What is a commissioned service?

Basic info

A commissioned service means care, support or supervision that has been arranged and paid for on a client’s behalf by a public authority such as:

  • In the case of personal care, a local authority adult social care department
  • In the case of housing-related support, a local authority housing department
  • In the case of nursing care, the NHS

The client might have to make a means-tested contribution to the cost of the service, but the commissioning body makes the arrangements and the contract is between the commissioning body and the care/support provider.

More info

Commissioned care services are regulated:

  • In England care is registered by the Care Quality Commission (CQC).
  • In Wales the regulator is the Care and Social Services Inspectorate Wales (CSSIW).
  • In Scotland the regulatory body is Social Care and Social Work Improvement Scotland (SCSWIS), usually referred to as the “Care Inspectorate” in relation to its registration and inspection functions.

The care regulators do not only regulate care homes where the care and accommodation are provided together by the same person or company: they also regulate care services where care is provided separately from accommodation.

In addition, in Scotland only, housing related support is also regulated by SCSWIS. Local authorities receive grants from the Scottish government to fund commissioned housing support services under section 91 of the Housing (Scotland) Act 2001. The services qualifying for this funding are listed in the Schedule to the Housing (Scotland) Act 2001 (Housing Support Services) Regulations 2002.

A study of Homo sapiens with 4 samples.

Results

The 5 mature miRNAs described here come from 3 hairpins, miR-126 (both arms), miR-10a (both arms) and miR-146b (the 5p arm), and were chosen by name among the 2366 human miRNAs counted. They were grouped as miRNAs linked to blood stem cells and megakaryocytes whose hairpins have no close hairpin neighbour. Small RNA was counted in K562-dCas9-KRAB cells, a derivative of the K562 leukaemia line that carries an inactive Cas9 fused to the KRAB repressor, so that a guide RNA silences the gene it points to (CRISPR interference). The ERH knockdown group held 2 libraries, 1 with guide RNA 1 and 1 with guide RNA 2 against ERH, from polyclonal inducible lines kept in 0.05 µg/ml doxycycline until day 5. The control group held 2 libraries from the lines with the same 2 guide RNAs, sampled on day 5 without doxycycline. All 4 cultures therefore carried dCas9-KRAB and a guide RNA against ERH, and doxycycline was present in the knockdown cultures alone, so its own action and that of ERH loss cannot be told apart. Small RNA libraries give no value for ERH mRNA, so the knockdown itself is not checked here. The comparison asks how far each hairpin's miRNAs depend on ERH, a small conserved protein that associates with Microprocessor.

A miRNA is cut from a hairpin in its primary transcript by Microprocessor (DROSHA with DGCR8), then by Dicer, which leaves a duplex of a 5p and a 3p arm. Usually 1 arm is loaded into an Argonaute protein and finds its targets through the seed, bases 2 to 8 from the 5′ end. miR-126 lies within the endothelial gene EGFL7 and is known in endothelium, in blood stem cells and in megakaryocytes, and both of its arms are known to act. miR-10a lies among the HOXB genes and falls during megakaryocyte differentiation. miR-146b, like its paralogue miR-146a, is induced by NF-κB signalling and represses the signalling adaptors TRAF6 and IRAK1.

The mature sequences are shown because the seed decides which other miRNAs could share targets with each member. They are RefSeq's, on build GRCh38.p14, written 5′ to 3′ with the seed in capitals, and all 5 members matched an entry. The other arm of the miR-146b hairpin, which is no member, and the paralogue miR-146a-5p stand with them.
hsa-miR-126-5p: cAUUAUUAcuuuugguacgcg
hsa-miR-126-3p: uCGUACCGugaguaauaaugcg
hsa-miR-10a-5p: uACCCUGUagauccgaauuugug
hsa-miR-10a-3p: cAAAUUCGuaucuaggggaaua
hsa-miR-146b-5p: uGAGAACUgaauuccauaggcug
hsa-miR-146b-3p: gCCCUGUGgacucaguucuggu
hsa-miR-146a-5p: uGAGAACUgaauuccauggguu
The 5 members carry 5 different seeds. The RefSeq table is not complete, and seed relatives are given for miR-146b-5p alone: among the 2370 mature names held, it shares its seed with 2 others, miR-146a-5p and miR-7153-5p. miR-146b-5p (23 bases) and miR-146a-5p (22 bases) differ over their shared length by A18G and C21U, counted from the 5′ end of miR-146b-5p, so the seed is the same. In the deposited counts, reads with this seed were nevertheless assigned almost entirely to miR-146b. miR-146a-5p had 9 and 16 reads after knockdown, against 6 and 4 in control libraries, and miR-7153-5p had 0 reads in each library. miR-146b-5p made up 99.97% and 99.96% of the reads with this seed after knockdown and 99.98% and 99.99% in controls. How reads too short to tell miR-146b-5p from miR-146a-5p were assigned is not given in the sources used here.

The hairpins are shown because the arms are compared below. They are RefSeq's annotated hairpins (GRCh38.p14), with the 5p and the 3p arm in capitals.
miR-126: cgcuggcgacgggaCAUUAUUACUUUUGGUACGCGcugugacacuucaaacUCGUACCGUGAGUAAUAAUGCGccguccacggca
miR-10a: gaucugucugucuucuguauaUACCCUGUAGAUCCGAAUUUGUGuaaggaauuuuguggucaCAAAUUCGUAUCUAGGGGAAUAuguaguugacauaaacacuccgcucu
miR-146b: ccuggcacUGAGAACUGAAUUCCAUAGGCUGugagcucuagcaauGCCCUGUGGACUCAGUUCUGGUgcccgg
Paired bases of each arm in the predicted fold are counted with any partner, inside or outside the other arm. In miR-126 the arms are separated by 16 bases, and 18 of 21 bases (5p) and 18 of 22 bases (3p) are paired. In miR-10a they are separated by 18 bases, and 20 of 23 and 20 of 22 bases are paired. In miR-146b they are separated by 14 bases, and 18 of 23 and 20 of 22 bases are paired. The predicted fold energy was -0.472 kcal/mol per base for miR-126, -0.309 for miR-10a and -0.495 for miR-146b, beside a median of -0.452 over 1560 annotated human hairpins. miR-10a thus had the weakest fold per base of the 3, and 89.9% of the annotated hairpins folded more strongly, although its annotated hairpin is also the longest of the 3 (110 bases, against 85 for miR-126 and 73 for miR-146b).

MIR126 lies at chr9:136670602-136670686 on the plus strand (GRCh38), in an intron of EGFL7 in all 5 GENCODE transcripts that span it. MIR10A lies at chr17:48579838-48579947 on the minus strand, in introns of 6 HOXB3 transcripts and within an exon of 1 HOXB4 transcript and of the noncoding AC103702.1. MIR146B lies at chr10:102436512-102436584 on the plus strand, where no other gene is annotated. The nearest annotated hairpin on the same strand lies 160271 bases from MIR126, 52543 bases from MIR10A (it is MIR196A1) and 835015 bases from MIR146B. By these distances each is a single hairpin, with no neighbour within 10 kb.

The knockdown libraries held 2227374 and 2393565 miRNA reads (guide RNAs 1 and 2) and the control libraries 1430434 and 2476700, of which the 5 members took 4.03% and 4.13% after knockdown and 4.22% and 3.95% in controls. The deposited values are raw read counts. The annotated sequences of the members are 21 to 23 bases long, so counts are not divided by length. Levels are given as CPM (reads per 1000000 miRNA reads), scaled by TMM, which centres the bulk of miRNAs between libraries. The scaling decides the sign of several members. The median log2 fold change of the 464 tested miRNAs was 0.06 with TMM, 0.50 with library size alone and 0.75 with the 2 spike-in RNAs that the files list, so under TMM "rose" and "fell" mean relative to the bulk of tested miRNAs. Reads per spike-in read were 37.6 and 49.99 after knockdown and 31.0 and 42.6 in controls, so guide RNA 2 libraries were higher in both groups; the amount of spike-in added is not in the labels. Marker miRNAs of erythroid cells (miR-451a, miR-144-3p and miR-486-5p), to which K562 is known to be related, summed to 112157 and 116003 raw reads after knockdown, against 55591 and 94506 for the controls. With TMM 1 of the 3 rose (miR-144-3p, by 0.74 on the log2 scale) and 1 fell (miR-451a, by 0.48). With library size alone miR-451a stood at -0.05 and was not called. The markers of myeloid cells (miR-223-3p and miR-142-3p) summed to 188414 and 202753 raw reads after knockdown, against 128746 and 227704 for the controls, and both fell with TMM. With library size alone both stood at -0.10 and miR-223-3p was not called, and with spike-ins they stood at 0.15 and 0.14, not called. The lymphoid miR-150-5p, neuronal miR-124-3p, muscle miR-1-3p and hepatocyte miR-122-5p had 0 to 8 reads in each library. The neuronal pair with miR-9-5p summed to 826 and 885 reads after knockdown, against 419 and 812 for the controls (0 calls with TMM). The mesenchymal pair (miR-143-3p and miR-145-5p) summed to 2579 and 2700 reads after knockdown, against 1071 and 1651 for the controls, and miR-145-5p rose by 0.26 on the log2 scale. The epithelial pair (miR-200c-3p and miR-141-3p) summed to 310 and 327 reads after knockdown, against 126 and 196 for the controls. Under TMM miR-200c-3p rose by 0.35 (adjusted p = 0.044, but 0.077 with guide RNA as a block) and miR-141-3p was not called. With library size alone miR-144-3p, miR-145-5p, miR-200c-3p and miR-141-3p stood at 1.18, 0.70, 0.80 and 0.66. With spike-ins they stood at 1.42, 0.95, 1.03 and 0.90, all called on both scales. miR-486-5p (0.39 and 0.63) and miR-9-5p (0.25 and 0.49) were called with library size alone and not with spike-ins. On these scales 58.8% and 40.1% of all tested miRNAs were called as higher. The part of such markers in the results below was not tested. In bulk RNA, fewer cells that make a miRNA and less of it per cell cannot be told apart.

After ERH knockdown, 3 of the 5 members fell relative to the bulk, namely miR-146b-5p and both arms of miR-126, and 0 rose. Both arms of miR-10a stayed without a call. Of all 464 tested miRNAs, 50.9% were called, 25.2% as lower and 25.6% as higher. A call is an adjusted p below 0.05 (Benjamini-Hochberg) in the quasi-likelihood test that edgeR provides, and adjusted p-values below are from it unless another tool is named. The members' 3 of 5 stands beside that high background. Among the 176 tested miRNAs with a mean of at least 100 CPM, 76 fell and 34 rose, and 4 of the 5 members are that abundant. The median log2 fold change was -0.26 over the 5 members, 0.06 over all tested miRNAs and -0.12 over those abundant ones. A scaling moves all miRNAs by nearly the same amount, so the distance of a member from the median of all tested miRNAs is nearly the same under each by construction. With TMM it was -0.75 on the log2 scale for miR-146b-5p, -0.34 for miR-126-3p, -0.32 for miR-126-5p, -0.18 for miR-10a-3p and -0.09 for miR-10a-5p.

When is a care or support service not commissioned?

This simply means that the service has not been arranged and paid for by a commissioning authority. Examples of non-commissioned services include the following:

  • People who have too much income or capital to qualify for help with care charges might choose to approach care or support providers directly and purchase services commercially.
  • Others might be given control of the budget that the authority would have used to commission services, in which case the client purchases services directly from the provider using the authority’s money. This arrangement is variously known as “personal budget”, “direct payments” and “self-directed” care or support.
  • Particularly in England and Wales, housing related support might be provided by a landlord without any commissioning by the authority: the landlord is able to resource the service independently. For example:
    • The Abbeyfield Society relies on volunteers to befriend and entertain its frail and elderly tenants
    • Many organisations are able to raise funds from donations, selling donated goods in a shop, etc.